Women's gymnastics: Stanford's Price ready to go big at championship
Whatever happens this weekend in Forth Worth, Texas, at the NCAA women's gymnastics championships, don't expect Stanford to shy away from the moment.
"It's all or nothing right now," sophomore Elizabeth Price said. "We have nothing to lose. Just trying to get out there on the competition floor and give it our all and go big."
Price is the Pac-12 Gymnast of the Year, the second in program history. A contender for the all-around title, she's the defending NCAA champion in the vault.
"Elizabeth Price doesn't have a weakness, really," Stanford coach Kristen Smyth said. "She's got all of the gifts you could possibly want as a gymnast. She is strong, explosive, powerful, yet she is also artistic and beautiful, has great ranges of emotion. Everything that she does is spectacular and it's a 'wow' factor. Not to mention she brings this level of joy and excitement to the sport, as well. People just have so much fun watching her compete, and it raises the level of everyone around her on our team."
The 19-year-old from Coopersburg, Pennsylvania, was an alternate on the 2012 U.S. Olympic Team that won gold in London. But rather than pursue a trip to the Rio games this summer, Price chose to focus on academics instead.
"I know a lot of people were surprised when I chose to come to college instead of sticking around," said Price, who retired from elite gymnastics in 2014. "But, I mean, I really always planned on just coming to college and not really trying for a second Olympics."
Her time on The Farm didn't get off to a good start. She enrolled in a summer bridge program at Stanford prior to her freshman year, then broke her foot on a scavenger hunt.
"I was so upset because she's not even in school here yet," Smyth said. "I felt responsible. She's on our campus, and before we even have the chance to work with her and have her be a part of our program, she gets injured. So I just felt horrible and not happy to say the least. But maybe in retrospect, when I think back on it, it could have been just the very best thing for her because it gave her some forced rest."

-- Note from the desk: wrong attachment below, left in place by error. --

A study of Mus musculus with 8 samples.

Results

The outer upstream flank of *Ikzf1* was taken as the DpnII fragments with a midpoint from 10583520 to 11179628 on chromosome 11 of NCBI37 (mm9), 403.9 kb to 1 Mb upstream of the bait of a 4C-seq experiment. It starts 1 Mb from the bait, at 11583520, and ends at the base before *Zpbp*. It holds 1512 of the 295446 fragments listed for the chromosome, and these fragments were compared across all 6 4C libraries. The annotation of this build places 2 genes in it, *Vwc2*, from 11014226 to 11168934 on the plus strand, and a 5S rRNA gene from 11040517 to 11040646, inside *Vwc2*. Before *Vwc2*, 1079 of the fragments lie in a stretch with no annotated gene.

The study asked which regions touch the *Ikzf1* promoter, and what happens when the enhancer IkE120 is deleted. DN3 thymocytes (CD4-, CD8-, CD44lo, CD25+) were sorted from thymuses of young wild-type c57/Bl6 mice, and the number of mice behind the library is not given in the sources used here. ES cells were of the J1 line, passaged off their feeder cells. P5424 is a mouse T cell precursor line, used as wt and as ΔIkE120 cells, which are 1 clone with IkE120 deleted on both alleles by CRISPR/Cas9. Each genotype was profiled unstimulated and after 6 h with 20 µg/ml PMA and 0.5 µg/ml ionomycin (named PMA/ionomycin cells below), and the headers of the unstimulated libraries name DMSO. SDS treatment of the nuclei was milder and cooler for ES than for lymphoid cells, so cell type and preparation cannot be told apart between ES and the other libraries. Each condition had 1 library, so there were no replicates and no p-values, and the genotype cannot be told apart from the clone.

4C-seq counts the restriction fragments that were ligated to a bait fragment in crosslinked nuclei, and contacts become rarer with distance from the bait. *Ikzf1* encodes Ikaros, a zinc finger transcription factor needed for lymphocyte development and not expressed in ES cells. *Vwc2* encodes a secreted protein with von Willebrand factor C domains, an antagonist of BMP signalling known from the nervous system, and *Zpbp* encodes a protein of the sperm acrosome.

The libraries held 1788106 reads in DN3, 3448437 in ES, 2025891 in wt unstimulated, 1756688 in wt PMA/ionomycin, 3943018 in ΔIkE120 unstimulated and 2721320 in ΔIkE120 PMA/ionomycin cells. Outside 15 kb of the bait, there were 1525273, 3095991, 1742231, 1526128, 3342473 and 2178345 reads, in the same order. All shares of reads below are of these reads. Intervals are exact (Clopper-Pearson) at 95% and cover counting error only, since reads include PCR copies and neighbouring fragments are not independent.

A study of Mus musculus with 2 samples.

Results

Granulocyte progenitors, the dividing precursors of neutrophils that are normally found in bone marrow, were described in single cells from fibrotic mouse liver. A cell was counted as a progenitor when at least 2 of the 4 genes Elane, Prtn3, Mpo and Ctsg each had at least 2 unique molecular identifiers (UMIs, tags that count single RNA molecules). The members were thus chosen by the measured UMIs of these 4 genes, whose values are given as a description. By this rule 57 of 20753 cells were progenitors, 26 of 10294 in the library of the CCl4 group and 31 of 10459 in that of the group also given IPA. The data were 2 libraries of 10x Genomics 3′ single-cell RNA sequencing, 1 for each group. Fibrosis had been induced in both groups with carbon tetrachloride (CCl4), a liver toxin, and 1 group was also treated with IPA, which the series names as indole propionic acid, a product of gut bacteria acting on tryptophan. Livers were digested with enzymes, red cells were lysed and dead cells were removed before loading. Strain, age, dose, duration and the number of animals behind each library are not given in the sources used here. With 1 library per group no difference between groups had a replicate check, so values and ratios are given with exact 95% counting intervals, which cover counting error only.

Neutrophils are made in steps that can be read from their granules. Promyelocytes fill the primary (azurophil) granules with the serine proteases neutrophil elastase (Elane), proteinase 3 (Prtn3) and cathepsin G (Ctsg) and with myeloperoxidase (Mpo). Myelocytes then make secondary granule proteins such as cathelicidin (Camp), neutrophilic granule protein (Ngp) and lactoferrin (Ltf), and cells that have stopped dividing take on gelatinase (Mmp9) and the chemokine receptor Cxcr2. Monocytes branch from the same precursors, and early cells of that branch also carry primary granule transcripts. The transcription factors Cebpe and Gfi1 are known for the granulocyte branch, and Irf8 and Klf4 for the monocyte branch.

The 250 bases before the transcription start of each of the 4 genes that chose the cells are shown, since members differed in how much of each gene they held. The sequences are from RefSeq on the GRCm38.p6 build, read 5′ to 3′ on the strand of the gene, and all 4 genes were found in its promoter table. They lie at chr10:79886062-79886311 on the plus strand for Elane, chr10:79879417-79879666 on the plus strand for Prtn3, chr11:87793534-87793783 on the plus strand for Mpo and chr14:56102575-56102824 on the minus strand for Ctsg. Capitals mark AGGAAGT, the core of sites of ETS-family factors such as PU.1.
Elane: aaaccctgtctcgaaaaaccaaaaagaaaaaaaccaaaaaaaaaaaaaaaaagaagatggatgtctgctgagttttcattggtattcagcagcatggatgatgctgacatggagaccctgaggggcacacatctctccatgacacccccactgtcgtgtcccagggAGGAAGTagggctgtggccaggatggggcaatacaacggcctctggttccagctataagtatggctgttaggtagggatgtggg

Time off following the rigors and demands of elite training, Price was able to ease into her NCAA career. She didn't even perform in the all-around until the NCAA championships, adding the beam as her fourth and final routine.
"When someone's up there doing a routine, it's like everyone is involved," Price said of the team atmosphere. "We're so invested in everything they do, and we know they've worked so hard to be able to hit their routine when it counts."
Injuries have plagued the Cardinal this year, with only 10 out of the 14 on the roster healthy for this weekend.
"Everyone that wasn't hurt had to be competing every single weekend," Price said. "So we needed everyone to be very consistent if we wanted to get to where we are now. We knew that it would be a lot of pushing and giving your all 24/7. And we were able to do it and pull together to make it to nationals."
Fifth-year senior Ivana Hong, who has endured her share of injuries at Stanford, is the only member of the team to compete in a pair of Super Six finals, which will take place Saturday as the field of 12 teams is chopped in half during the preliminaries.
"She is absolutely a magnificent, beautiful, artistic gymnast -- one of the most beautiful in the world," Smyth said. "She's come back from two ACL surgeries and is leading our team, always. And will be hopefully doing the all-around for the first time this year at the national championships. In the twilight of her career, she is peaking at 23 years old and leading her team with her passion for her sport and her consistency and her artistry. Just her love for gymnastics and the program."
Price began her gymnastics career at the age of 3, making her a student-athlete nearly all of her life. She will be back in the classroom on Monday, comfortable with her choice to forego the Olympics.
But she wants to return an NCAA champion.
"At NCAAs there's a lot of energy in the air," Price said. "And it really comes down to every routine, every little mistake and every little correction that you make counts to where you could end up in the finals, because this is really the best of the best."
This article was written by Vytas Mazeika from Palo Alto Daily News, Calif. and was legally licensed through the NewsCred publisher network.